Explainer: Facial-Recognition Targeting

What is it: Facial-recognition technology, which allows machines to recognize specific facial features — often by comparing them with a database of facial photos — is now being used in ad targeting to enable in-store display to show ads geared towards specific populations.

How it Works: The technology, which has been used by law enforcement agencies for decades, uses an embedded camera in digital signage to scan passers-by as they approach the signage. The display then shows ads appropriate for a chosen audience based on age, gender or other variables. This allows a store or a mall to show ads for multiple product lines, targeted to consumers as they walk by.
Who is Using it: Kraft has tested facial recognition in store kiosks, and Adidas is currently planning to test the technology in stores in the U.S. and Britain. Microsoft and Intel have also developed the technology for some clients. The technology has been used in Japan since 2010.
Why it Matters: When it comes to interactivity and sophisticated targeting, digital outdoor advertising has been playing catch-up with the rest of digital advertising for years. Facial-recognition technology, although fraught with controversy, promises to bring the medium back into industry conversation.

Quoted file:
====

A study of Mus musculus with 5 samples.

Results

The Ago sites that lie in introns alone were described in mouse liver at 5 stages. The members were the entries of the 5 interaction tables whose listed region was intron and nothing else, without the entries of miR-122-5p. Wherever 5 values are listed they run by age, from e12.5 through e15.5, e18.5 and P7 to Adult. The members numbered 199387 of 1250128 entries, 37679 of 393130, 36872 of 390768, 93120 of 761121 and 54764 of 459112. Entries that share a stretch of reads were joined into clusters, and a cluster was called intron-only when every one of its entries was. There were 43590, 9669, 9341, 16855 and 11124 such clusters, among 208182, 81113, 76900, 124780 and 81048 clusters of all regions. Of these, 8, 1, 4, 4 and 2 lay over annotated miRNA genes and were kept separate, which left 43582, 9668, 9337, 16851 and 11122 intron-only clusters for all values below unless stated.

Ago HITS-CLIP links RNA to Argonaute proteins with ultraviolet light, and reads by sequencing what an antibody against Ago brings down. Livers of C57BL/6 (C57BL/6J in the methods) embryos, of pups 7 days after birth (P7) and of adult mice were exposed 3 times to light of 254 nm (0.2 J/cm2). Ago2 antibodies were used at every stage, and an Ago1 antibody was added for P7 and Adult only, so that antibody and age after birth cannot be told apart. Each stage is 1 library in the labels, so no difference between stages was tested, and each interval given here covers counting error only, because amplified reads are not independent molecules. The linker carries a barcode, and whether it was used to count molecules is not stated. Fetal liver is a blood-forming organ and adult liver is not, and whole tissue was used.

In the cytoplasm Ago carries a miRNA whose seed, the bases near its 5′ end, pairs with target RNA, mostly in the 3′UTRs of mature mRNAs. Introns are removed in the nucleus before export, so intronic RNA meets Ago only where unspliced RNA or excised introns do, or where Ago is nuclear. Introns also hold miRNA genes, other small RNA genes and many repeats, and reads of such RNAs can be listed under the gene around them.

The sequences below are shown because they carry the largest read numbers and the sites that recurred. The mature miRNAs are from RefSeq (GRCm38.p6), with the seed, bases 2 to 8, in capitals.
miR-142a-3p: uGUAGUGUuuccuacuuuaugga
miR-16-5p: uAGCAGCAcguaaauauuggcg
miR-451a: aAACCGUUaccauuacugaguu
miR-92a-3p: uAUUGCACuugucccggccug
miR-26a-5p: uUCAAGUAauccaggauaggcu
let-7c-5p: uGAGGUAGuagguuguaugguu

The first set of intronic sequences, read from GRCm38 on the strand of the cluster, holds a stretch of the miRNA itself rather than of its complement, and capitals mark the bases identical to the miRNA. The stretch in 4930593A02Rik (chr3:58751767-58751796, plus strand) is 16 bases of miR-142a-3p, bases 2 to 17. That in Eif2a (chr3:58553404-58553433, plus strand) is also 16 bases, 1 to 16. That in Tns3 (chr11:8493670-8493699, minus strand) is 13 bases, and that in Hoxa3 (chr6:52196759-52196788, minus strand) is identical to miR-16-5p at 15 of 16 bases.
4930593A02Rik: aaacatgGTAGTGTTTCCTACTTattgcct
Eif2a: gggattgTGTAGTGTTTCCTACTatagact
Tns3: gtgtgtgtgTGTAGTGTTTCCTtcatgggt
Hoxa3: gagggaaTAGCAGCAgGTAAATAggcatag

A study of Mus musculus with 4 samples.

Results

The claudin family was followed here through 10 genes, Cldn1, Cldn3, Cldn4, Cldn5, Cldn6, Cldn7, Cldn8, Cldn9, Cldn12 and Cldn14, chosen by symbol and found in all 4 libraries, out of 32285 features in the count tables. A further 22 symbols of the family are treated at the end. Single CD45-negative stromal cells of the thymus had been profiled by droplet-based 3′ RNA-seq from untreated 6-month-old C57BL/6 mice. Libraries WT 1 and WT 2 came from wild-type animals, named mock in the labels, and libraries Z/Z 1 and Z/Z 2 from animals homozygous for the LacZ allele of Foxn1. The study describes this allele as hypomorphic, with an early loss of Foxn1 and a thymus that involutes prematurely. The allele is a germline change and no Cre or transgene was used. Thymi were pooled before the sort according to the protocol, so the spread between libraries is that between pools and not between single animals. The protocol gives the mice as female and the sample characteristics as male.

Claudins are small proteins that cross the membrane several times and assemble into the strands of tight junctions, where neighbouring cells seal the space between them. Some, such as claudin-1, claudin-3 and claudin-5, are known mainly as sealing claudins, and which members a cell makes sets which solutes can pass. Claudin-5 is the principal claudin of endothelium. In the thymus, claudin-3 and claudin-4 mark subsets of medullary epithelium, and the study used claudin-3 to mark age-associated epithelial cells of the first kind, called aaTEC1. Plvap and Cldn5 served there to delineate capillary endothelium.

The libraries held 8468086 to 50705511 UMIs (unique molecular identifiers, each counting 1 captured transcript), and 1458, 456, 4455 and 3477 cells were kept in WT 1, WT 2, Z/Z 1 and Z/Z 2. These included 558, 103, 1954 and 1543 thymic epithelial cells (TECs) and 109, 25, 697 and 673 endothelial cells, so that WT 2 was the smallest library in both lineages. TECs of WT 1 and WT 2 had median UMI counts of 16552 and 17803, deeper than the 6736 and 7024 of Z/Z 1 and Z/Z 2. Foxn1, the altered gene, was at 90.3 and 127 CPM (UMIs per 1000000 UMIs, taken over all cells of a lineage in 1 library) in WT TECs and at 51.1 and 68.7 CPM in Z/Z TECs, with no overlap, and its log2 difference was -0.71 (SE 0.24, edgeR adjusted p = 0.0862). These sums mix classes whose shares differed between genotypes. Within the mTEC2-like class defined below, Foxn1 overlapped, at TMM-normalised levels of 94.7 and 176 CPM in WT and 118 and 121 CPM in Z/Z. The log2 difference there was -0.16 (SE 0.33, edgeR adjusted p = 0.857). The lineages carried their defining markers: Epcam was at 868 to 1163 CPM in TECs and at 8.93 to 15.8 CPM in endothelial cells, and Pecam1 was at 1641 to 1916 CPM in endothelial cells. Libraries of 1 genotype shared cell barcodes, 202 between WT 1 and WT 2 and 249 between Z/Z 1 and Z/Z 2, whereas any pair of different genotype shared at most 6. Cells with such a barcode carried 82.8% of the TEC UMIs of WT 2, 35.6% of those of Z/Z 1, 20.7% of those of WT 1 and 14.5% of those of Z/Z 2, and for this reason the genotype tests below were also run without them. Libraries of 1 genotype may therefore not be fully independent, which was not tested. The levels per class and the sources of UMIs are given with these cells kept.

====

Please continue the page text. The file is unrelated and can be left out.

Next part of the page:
Assessment: The problem with using facial-recognition technology is that although it might make in-store digital advertising more relevant to consumers, it won’t make the quality of the ads better or be able to accommodate the interests of mixed groups. There’s also always the possibility that privacy groups will object to the this sort of targeting and make waves.

More in Media

YouTube is under fire again, this time over child protection

Adalytics Research asks, ‘Are YouTube advertisers inadvertently harvesting data from millions of children?’

Illustration of a puzzle that spells out the word 'media.'

Media Briefing: Publishers pump up per-subscriber revenue amid ad revenue declines

Publishers’ Q2 earnings reveal digital advertising is still in a tight spot, but digital subscriptions are picking up steam.

Lessons for AI from the ad-tech era: ‘We’re living in a memory-less world’

Experts reflect how the failures of social media and online advertising can help the industry improve the next era of innovation.